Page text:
Emily Tan
Oct 2, 2013

Inside Weber Shandwick’s new content marketing arm, Mediaco

HONG KONG – Walking into the section of Weber Shandwick Hong Kong office occupied by its new content marketing offering Mediaco is not unlike walking into a digital design lab.

Perry (left) and Wellcome
Perry (left) and Wellcome

One island of desks is occupied by the editorial team, tapping busily away at their computers while in another corner, a screen shows CGI renderings of T-cells defending against infectious agents being carefully nursed into being.

“For a PR company, it’s often a surprise to clients that we have this quality and type of talent,” said Chris Perry, global president of digital for Weber Shandwick. Besides the CGI talent, Asia’s first Mediaco office also has a creative director,who moved over from DDB, and editorial veteran,  Michael O’Neill.

Although the launch was just last month, Mediaco in Asia has been in the works for nearly a year thanks to the efforts of Jon Wade, head of digital for Asia-Pacific. It just didn’t have a name. When New York launched its offering under the Mediaco brand in April, it seemed prudent to converge the two shops under the same brand. It’s understood that Jye Smith, vice-president of digital, Asia-Pacific, will be helming Mediaco Asia-Pacific in the near future.

According to Perry and Jason Wellcome, global head of Mediaco, the content unit wasn’t born fully formed but was the result of uniting capabilities the communications firm has had for “seven to eight years” under one roof, and then adding more capabilities.

Or as Perry put it, “Mediaco brings all that heritage of content creation together under one practice, which is an important perspective in the marketplace as it is a sustained holistic approach rather than just a one-off.” He added that the unit was also the result of the firm’s ‘re-engineering’ over the past five years to respond to the changes brought on by the digital revolution.

Wellcome added that the unit was also formed to “hit production levels of velocity, quality and agility in a sustained fashion that impacts the business”. “With a converged approach, where creative, production and distribution are housed under one discipline, it enables a virtuous cycle  of feedback critical to a project's success in which we can gauge what is working and what isn’t,” he explained.

What Perry and Wellcome are not saying is that at a time when even sister IPG group Mediabrands has launched its content marketing unit, Mediabrands Publishing, the group’s communications arm would do well to have its own brand—and to market said offering.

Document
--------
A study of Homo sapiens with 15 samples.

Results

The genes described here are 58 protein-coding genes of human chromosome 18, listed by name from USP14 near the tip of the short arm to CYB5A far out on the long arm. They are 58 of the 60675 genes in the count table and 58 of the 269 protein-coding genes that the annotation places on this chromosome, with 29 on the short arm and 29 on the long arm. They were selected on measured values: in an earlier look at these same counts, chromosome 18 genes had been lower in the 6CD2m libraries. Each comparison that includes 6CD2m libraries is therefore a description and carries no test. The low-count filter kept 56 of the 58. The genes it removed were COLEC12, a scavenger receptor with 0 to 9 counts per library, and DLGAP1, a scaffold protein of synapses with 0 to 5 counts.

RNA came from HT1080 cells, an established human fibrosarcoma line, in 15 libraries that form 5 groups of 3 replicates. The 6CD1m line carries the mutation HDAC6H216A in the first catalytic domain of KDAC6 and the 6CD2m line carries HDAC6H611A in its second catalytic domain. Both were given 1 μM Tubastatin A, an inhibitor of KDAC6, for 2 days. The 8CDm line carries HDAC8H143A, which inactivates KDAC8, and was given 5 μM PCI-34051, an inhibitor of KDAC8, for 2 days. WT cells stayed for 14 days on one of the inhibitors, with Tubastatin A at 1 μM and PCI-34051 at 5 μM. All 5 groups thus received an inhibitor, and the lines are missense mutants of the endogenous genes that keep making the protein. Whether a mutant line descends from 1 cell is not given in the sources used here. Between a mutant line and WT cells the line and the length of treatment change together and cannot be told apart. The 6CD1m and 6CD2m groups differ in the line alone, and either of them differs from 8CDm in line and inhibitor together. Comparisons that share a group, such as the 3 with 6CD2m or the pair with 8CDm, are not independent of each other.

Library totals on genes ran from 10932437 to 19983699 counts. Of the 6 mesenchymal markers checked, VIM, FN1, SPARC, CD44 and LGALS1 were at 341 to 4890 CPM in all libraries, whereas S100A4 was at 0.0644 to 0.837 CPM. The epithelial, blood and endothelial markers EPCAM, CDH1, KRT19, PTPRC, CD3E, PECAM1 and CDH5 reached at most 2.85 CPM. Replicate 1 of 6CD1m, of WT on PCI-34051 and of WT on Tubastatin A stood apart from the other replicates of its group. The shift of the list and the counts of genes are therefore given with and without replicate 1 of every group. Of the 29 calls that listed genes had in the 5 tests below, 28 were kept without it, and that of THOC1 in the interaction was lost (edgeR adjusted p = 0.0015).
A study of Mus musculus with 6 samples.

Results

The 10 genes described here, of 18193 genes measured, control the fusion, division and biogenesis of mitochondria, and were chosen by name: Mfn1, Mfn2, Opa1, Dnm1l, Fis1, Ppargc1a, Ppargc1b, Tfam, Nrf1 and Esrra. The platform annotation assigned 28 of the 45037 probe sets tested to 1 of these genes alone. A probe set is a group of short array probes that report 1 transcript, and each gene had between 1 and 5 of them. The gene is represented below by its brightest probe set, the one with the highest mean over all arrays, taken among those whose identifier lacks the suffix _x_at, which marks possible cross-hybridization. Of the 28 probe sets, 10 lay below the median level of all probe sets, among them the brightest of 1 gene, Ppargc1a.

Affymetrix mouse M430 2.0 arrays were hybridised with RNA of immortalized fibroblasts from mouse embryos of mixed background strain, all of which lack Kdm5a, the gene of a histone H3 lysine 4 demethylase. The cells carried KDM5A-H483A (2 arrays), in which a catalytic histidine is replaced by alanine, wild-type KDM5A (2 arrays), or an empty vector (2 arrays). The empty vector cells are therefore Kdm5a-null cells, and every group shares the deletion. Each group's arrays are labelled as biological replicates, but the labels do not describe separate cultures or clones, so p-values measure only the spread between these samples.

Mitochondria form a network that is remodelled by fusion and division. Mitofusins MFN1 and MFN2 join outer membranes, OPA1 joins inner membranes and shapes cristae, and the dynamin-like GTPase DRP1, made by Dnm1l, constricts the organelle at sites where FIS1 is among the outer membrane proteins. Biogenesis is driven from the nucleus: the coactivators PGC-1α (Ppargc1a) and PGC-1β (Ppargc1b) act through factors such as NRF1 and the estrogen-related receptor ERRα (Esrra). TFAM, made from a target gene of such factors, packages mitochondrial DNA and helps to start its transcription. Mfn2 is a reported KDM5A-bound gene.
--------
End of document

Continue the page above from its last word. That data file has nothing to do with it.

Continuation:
The unit’s development has also been largely organic, said Wellcome, as it's been built on the back of client work. “The work has indicated a blueprint of how we can go to market on this and as projects come in we’ve turned on the studio, editorial and staffed accordingly. It has been a build-and-they-will-come approach.”

Besides the production of content, Mediaco’s services also include building in-house brand journalist teams for clients, depending on degrees of need. “Not only do clients not have the headcount, they don’t have a clear sense of how to staff newsdesks. We are happy to partner with clients on building this capability, helping them make the move,” said Perry.

In North America, Mediaco's client list includes Unilever, Verizon and Pepsico. 

The top questions the team faces from clients, continued Perry, revolve around addressing the constantly changing space of digital communications, not around fighting the need to do so. “Their questions in North America are largely practical, should the brand be on a platform or not? Will what we’re doing today, work tomorrow? How should we plan for this, staff this and measure this?” he said.

In Asia, the questions apply “more than ever” commented Wade. “Some of the media environments our clients are operating in, such as Mainland China and India, are incredibly fragmented, making it hard for clients to get their message out. Adopting a publishing model and going direct to the consumer is an easy win for them.”

By and large, consumers are responding well to this approach, said Wellcome. “A point of view is that branded content is about identity, people want to identify with forms of media they can republish and share,” he said. For example, in India, according to a study by McCann published last year, over a third of respondents Google themselves more than once a month to see how they’re doing online.

In this environment, Mediaco expects to expand rapidly. Besides Hong Kong, it is already present in Beijing, Singapore and Australia and expects to launch soon in India. “We started with a team of five in Hong Kong, which is now 18 and 45 across Asia-Pacific,” said Wellcome. “There are three or four more cities we’re considering based on talent and client proximity.”

Related Articles

Just Published

2 days ago

Asia-Pacific Power List 2022: Yves Briantais, ...

The 15-year company veteran is keen to keep his brand’s messaging fresh, drive premiumisation, and surge ahead with digital transformation.

2 days ago

Campaign Crash Course: Marketing to under-18s in gaming

Will Anstee, CEO of TotallyAwesome, provides a five-minute lesson on how to keep the gaming environment safe for under-18s, as well as marketing to them with thoughtful experiences.

2 days ago

Brandalism hijacks billboards to criticise airline ...

The activist group hacked ad space across Europe, to attack the aviation industry for a lack of meaningful action to reduce its carbon footprint, and call for a tobacco-style advertising ban.